One of the big sticking points preventing a deal between the Public Service Alliance of Canada (PSAC) workers and the federal government is how much work has to be done within the confines of a traditional office.
The COVID-19 pandemic upended our work norms.
Some jobs, you obviously can’t do from home. It’s hard to pound nails or pour concrete from the comfort of your couch, and countless jobs, from manufacturing to firefighting to just about everything in health care, require in-person work.
But there is a large and growing cohort of jobs that involve the manipulation of data – words, numbers, code, video – and is done entirely on a computer.
We have long had the ability to work from home, but the old norms weren’t broken up until the pandemic made it necessary.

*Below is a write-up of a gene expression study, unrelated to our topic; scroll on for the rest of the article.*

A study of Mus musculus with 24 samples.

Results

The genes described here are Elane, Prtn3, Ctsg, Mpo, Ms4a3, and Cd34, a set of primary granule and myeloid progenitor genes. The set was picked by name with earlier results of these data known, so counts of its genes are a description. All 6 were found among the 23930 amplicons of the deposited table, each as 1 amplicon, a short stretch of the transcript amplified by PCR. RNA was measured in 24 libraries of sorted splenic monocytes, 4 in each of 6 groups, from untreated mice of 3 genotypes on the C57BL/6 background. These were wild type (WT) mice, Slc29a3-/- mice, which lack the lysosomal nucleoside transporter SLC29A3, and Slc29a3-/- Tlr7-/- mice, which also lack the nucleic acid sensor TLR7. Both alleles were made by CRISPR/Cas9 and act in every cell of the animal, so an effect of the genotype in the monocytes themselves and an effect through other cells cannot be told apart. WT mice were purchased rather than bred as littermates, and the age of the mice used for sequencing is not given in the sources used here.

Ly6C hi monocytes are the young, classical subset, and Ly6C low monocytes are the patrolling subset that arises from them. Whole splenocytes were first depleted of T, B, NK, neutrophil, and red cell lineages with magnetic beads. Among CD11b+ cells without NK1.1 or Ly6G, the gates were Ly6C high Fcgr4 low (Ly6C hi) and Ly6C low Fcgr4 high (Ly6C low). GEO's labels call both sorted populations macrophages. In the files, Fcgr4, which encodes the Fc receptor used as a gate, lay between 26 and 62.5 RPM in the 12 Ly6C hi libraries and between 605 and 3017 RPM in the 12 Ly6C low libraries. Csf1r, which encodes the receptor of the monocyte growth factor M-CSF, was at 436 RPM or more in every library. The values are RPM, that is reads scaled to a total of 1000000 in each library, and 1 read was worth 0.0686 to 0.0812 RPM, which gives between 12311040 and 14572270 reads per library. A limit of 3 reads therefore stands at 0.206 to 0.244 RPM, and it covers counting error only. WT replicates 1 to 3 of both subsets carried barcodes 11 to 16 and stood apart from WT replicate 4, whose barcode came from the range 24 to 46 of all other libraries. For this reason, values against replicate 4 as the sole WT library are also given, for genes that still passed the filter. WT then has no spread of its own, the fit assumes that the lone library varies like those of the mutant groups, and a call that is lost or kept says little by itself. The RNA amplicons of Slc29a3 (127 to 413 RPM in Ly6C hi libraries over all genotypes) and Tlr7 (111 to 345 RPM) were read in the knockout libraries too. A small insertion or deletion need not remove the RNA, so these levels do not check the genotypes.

Now there’s a concerted effort by many employers to get their workers back in the office.
There are some solid reasons for this, including the ease of face-to-face meetings – who among us actually enjoys Zoom? – and there are some reasons that are more subjective, such as the idea of having a “workplace culture.”
And on the other side of the ledger, there’s the advantages that accrue, mostly to the employees. Commuting less frequently saves time and money, and the ability to spend more time with family is a big plus.
And employees who came to enjoy those benefits of the work-from-home lifestyle aren’t going to give them up without a fight.
For those who are unionized, like PSAC, that means this issue will keep coming up, contract after contract.
And for those who aren’t in a union, it means some will vote with their feet. In a tight labour market, employers who allow partial work-from-home schedules will have an advantage in hiring.